Cardinal Joseph Zen, the emeritus bishop of Hong Kong, went on trial Monday for charges related to a pro-democracy organization with which he is affiliated.
Zen, 90, and several other defendants, who are board members for the 612 Humanitarian Relief Fund, are being charged under the Societies Ordinance, a century-old colonial-era law, for failing to register the Relief Fund.
The defendants initially faced a much more serious charge, however: collusion with foreign forces, under a sweeping national security law imposed by Beijing. Convictions in that case could have landed them in prison for life.
Zen, an outspoken critic of the Chinese Communist Party, was arrested by Hong Kong’s national security police in May along with other democracy activists, including former Hong Kong legislator Cyd Ho, affiliated with the 612 Humanitarian Relief Fund. The fund was set up in June 2019 to help pay the legal and medical fees for the former British colony’s pro-democracy protests that year. The charge carries a fine of up to $1,274 but not jail time. All defendants have pleaded not guilty.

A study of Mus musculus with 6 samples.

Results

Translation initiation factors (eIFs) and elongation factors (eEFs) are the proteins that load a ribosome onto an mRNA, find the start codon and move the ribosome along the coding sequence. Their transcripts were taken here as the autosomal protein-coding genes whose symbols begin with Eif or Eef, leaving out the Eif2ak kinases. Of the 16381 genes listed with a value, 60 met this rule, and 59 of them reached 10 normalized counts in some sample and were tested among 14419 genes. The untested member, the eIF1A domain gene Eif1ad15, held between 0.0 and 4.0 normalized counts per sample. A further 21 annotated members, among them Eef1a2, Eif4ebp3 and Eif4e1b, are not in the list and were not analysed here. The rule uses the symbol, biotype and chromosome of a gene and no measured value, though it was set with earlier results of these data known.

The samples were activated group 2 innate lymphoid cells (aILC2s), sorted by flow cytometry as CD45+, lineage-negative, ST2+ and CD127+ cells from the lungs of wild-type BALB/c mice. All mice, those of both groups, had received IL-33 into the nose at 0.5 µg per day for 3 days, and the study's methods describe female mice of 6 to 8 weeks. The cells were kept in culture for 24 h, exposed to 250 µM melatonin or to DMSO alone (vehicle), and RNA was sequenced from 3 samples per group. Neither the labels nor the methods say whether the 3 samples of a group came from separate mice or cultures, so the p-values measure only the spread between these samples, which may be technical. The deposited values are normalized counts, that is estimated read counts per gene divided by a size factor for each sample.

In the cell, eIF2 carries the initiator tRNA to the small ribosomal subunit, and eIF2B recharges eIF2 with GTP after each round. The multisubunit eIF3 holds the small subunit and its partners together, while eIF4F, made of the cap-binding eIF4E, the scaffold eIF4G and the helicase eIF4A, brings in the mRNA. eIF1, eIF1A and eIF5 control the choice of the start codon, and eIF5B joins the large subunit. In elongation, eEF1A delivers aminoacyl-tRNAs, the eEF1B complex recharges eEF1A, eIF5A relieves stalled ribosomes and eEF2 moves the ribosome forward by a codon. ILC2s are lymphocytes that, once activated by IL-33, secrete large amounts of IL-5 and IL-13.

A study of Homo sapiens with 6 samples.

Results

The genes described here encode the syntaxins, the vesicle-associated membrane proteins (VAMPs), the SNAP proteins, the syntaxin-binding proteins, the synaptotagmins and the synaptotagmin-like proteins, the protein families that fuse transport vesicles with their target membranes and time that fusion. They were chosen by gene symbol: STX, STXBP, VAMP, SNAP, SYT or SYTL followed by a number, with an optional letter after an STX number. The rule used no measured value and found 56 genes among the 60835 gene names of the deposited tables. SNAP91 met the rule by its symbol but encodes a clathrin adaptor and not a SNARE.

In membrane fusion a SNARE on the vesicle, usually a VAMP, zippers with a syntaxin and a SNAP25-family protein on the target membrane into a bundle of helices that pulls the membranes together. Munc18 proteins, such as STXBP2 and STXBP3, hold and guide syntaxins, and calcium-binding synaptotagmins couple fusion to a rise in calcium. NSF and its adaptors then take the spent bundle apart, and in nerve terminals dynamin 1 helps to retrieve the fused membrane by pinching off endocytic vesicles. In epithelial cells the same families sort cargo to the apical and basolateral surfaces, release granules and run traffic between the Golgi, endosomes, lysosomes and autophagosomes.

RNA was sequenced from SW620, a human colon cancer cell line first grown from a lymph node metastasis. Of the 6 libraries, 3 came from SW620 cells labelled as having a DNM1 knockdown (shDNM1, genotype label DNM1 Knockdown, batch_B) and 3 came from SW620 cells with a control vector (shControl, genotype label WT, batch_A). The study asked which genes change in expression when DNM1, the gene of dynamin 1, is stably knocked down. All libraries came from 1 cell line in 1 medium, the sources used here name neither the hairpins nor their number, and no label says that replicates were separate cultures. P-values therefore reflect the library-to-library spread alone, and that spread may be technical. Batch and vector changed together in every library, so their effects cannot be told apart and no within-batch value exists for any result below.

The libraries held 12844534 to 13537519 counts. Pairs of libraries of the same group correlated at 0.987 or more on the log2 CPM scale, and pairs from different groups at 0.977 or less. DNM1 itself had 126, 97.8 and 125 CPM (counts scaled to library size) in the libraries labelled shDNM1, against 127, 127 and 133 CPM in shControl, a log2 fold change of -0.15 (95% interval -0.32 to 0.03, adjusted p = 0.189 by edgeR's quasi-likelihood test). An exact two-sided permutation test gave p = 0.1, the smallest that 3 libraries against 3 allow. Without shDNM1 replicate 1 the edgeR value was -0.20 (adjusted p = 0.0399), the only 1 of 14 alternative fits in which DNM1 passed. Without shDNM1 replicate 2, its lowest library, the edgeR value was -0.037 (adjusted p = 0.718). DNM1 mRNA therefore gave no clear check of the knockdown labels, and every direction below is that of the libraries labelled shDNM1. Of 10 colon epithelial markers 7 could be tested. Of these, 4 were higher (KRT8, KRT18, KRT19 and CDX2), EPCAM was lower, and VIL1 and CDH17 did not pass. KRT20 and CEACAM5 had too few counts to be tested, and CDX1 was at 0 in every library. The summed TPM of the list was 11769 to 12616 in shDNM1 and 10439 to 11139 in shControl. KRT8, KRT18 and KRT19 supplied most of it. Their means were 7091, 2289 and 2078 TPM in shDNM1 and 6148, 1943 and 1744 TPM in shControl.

On Monday morning, a court in West Kowloon heard that the 612 Humanitarian Relief Fund raised $34.4 million in donations. In addition to providing financial aid to protesters, the fund used some of the money for “political activities and non-charity events,” such as donations to protest groups, AFP reported.
The defense argued that this was irrelevant to the charge as to whether the humanitarian fund had registered correctly. The defendants’ lawyers previously said they had the right to associate under Hong Kong’s constitution.